When treating stroke patients, physicians often have to make vital decisions regarding personal treatment plans. Based on the patients’ chances of recovery, the doctors must decide whether therapy should be intensive, comfort-based, or somewhere in between.
Based on the findings of a new survey, which revealed that physicians vary widely in their treatment recommendations, a group of neurologists is now encouraging colleagues to slow down before heading out to the waiting room to discuss treatment recommendations with family members.
In general, quality measures at individual centers often require physicians to document a prognostic score in the chart while treating stroke patients. These prognostic scores are meant to provide a standardized assessment of severity. But the effect of showing doctors these scores has not previously been tested.
For the new study, researchers set out to see whether having a model would change the physicians’ recommendations. They sent out a survey to 742 physicians across the U.S. that included sample cases of two patients with a brain hemorrhage.
The investigators incorporated characteristics they believed would elicit a variety of different responses from the doctors, such as patient age and stroke severity. The responding physicians had to predict the 30-day mortality rate and recommend treatment intensity for each case.
The researchers included prognostic scores for some of the sample patients but not for others.
“We wanted to see if you approach treatment differently if you’re being told the patient’s chance of recovery,” said University of Michigan neurologist Darin Zahuranec, M.D., principal investigator of the physician survey published in Neurology.
“There’s a lot of variability across centers in terms of how these patients are treated. We wanted to see what role, if any, the physicians may play in that variability. The range of predicted mortality was from zero percent to 100 percent in most of the cases. I was surprised to see that level of variability among physicians.”
In general, a doctor will most likely recommend an intensive approach for stroke patients who have a strong chance of recovery, whereas if the patient’s chances of recovery are low, the doctor may recommend a treatment that is more comfort-based. The stakes for these decisions are even higher in cases of brain hemorrhage, a severe type of stroke after which about one-third of patients die within a month.
According to the findings, treatment recommendations varied widely among the responding physicians, with some suggesting comfort measures only and others suggesting full intensive treatment for the exact same patient.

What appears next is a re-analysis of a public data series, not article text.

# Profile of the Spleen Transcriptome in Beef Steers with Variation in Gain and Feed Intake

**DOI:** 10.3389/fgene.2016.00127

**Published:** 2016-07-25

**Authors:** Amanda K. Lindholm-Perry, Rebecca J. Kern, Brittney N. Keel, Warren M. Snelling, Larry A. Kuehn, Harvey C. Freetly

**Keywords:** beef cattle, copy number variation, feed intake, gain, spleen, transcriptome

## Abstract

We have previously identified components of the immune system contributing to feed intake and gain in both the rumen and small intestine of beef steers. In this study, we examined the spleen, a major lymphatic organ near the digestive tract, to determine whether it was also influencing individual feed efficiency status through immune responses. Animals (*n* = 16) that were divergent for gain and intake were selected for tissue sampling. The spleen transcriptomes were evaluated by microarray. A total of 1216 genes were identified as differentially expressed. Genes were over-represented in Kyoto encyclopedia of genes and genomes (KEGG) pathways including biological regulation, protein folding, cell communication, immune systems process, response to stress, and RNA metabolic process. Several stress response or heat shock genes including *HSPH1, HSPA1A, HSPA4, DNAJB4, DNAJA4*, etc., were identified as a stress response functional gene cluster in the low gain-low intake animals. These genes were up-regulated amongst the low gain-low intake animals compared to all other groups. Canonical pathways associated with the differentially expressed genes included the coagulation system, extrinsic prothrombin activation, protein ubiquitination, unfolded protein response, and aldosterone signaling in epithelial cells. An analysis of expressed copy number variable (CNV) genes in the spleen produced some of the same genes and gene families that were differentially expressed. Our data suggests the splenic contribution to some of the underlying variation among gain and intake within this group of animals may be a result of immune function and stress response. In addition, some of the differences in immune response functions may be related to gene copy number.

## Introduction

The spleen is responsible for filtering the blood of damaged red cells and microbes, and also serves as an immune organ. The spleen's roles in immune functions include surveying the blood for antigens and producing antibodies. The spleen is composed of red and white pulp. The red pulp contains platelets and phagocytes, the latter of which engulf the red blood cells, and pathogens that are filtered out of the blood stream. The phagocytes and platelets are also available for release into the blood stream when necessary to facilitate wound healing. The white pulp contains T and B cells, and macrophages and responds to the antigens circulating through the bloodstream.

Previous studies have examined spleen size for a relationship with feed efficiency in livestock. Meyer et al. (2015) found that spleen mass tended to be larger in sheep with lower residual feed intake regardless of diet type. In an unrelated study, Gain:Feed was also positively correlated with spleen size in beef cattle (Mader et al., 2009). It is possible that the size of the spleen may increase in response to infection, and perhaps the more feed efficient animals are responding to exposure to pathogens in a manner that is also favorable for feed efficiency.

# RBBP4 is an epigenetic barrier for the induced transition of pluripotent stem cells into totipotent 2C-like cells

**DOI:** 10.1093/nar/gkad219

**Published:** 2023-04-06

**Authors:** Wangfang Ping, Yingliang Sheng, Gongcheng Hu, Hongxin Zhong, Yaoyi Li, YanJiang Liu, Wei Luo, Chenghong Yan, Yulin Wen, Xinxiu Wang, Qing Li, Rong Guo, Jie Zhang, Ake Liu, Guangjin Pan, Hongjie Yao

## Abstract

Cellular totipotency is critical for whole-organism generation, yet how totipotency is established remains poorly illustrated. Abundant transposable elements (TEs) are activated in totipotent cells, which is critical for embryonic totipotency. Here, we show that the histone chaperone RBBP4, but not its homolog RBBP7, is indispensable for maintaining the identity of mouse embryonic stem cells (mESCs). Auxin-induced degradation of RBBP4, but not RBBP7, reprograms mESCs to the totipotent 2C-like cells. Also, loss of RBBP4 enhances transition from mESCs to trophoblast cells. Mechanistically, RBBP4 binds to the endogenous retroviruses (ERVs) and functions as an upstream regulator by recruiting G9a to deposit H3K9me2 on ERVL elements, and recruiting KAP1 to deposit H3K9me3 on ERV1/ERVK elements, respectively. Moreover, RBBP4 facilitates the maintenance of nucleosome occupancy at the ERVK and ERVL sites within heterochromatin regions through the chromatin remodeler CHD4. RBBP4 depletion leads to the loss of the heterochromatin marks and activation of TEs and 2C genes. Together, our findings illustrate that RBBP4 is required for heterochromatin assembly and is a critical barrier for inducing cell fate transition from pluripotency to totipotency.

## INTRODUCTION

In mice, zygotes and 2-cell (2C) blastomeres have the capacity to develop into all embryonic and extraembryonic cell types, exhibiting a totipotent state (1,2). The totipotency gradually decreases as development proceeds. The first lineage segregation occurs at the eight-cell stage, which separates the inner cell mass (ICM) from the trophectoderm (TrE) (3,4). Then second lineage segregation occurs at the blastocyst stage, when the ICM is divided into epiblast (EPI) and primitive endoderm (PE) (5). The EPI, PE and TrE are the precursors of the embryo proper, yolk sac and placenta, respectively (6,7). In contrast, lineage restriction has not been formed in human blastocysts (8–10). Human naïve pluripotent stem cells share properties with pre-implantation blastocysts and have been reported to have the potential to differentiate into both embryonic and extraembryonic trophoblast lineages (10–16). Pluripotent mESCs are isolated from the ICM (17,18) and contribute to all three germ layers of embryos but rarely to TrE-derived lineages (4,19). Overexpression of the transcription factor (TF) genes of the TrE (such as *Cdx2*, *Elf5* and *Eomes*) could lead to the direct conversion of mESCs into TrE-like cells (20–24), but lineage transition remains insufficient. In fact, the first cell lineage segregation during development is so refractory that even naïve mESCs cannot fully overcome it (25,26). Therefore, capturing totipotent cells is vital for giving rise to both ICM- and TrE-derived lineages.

In the most severe case, when the score suggested zero percent chance of recovery, physicians were more likely to recommend comfort measures only. In a mild case, physicians who saw a better chance of recovery were more likely to recommend full intensive treatment with the goal of rehabilitation.
The findings also revealed that neurosurgeons tend to be more optimistic about mortality predictions than neurologists, and physicians who saw the most brain hemorrhage cases were slightly more pessimistic than those who saw fewer cases.
Although the researchers tried to control for physician personality, such as religion or optimism, none of those factors predicted the physicians’ treatment recommendations.
Since brain hemorrhage patients are not usually able to participate in these prognosis discussions, physicians often end up sharing their recommendations with family members, who are eager for the doctor’s insight before making a care decision.
The researchers recommend that doctors pause to remember what strong variability there is even among experts regarding these cases. They ask clinicians to slow down and consider the situation before sharing any prognosis with stroke patients and families, who are already dealing with a high-stress situation.
“Do we really know what we think we know when making these predictions?” Zahuranec said. “My hope for physicians is that we really understand the impact of our prognostic statements.”
Zahuranec suggests that physicians first discuss with the family what a good recovery would entail, and what would be important for that individual patient, and then tailor the predictions and recommendations to those wishes.
“These situations are always very difficult for the family and for the physicians,” Zahuranec said. “One thing that can make things easier is when the family has a clear understanding of what the patient would want.”